First of all, the photo here was on the door of the bookstore (Shakespeare & Co.) when I arrived with a few friends. My name. On a bookstore.
We were early, so I went upstairs to the mezzanine to look around. They had moved most of the tables, setting up 20 chairs and one table and chair at the railing for me. 20 chairs looked like a lot of chairs.
They had listed it as "Karen Heenan discusses and signs her book," and I wasn't sure at first what to discuss. I've never liked public speaking - in grade school and junior high I disliked it to the point where I had to hide in the bathroom so I wouldn't lose lunch in front of an audience - but a lot of that has, thankfully, faded.
It's good when you realize that you are no longer a terrified adolescent. Especially when you're 55.
One thing I've learned is that I also do better without a lot of prep. I made a few notes of things I wanted to cover, loaded the first chapter of Songbird onto my tablet in a font size that I could read without squinting, and just winged it.
The turnout ended up being 23 people - Mario and two late arrivals stood in the back - and I got through it without losing my voice, losing the thread, or losing my mind. Yay me!
|He's so cute. Also - I made his shirt and my|
jacket, so Sewing Karen still exists!
I started by talking about my lifelong interest in the Tudor era, and a bit about the inspiration for the book. Then I read the first half of the first chapter - up to a good stopping point - and then took questions from the audience. Two friends had been primed to ask questions if there was silence, but there wasn't, and they didn't get to ask their questions until the end.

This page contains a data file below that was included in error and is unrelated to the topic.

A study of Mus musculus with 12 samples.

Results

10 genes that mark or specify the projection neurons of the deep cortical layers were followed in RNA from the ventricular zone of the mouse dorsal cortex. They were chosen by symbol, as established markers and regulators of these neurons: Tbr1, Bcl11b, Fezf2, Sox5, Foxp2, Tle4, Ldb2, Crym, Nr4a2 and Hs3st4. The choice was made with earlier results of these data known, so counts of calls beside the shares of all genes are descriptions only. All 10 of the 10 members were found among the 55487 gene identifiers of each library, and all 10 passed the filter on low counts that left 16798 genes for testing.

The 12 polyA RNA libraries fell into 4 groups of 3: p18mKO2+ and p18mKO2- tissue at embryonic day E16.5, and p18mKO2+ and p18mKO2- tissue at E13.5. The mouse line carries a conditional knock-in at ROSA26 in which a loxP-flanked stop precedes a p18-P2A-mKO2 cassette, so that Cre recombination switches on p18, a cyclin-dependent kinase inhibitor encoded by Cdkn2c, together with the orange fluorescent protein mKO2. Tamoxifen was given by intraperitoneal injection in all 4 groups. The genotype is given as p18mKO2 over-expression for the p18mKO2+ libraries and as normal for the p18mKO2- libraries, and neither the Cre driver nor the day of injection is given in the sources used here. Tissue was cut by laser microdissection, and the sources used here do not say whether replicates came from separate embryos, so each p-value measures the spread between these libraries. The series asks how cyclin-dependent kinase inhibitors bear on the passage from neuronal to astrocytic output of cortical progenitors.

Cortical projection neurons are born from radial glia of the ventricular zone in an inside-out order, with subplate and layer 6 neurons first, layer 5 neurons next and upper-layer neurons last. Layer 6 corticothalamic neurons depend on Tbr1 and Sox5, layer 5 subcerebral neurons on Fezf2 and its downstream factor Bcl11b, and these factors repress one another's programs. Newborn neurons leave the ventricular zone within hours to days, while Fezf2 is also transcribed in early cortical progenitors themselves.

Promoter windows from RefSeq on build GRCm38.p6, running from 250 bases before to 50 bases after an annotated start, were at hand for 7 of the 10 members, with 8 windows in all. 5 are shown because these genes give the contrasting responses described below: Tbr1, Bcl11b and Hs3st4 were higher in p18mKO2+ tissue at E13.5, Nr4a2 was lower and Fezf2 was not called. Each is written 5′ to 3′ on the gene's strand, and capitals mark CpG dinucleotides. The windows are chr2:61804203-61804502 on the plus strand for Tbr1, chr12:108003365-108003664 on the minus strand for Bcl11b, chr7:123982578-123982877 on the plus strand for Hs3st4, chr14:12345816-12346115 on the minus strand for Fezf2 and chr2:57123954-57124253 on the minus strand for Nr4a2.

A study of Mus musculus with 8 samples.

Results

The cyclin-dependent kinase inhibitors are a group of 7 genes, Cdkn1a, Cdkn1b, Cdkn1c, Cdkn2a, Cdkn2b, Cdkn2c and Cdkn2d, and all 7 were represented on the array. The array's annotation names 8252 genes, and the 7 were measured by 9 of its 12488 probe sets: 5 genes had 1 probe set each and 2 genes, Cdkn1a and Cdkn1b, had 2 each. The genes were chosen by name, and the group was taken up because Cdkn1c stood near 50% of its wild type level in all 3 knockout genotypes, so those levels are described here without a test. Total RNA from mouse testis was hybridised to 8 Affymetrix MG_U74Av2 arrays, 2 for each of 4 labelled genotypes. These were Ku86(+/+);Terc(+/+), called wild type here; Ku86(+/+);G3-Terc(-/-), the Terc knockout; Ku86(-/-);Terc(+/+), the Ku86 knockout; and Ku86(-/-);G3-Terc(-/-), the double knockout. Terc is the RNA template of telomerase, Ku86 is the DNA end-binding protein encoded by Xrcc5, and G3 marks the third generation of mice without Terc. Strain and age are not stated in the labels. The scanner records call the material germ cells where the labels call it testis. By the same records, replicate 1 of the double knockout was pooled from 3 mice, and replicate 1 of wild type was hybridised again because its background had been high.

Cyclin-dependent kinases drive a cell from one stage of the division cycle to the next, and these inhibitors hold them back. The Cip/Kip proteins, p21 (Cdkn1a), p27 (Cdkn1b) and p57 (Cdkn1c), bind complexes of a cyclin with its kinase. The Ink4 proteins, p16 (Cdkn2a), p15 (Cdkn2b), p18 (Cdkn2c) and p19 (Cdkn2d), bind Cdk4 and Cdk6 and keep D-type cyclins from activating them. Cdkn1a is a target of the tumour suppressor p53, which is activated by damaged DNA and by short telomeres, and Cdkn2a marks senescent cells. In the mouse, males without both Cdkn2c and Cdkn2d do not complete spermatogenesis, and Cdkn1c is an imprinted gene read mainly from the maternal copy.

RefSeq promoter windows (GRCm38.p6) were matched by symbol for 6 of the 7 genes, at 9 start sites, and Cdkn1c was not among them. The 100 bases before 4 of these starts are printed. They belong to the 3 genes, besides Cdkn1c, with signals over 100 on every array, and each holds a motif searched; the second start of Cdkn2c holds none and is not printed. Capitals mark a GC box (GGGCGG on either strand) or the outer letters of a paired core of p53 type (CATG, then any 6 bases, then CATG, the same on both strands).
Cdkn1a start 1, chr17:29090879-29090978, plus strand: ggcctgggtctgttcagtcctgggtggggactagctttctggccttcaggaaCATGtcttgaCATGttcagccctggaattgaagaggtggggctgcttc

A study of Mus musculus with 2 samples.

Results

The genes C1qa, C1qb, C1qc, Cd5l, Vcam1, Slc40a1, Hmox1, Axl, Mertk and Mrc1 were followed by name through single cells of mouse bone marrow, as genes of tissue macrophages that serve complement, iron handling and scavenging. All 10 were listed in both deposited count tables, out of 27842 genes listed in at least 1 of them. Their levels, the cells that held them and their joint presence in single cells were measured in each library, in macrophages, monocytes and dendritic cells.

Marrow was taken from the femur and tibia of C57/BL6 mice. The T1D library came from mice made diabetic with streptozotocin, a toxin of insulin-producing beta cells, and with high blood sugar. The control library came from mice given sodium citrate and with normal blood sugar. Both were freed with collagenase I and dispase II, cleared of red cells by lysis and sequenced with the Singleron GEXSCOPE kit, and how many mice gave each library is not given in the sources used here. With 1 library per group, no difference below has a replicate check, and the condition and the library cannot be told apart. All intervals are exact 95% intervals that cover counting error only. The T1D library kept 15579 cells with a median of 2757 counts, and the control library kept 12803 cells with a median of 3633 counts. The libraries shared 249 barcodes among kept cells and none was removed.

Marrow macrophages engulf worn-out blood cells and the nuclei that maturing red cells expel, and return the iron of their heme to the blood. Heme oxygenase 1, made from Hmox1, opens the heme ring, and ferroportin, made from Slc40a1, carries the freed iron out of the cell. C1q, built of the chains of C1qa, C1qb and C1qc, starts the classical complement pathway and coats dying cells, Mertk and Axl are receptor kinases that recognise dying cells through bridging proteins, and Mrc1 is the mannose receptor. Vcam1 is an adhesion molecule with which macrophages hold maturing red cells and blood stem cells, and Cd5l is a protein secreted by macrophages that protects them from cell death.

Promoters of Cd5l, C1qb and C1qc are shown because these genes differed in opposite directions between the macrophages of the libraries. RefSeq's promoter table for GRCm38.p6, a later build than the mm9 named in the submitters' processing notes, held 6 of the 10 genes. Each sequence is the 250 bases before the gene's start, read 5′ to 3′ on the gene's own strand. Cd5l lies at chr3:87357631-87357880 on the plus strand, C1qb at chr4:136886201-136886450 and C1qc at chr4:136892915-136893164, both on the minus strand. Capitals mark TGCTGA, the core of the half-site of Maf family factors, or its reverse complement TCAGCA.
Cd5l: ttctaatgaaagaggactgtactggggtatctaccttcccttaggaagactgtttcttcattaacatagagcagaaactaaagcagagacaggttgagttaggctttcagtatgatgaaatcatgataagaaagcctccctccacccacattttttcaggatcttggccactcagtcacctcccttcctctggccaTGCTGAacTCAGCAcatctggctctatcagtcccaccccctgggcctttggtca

Someone brought a bottle of champagne, but she almost dropped it coming upstairs, so it went home with us to rest before opening. We drank it last night, which was our ninth anniversary, something else to celebrate.
I have another event scheduled at the end of the month - a reading and music combination at a friend's house - but my next bookstore event isn't until May. Hoping to schedule a couple of others before and after that, which means I need to stop typing and start emailing and calling around to see what can be set up.
Also, moving along quite well with the not-sequel to Songbird. Hoping to be able to talk more about that soon, but I don't want to jinx it until the first draft is done and it feels like a book.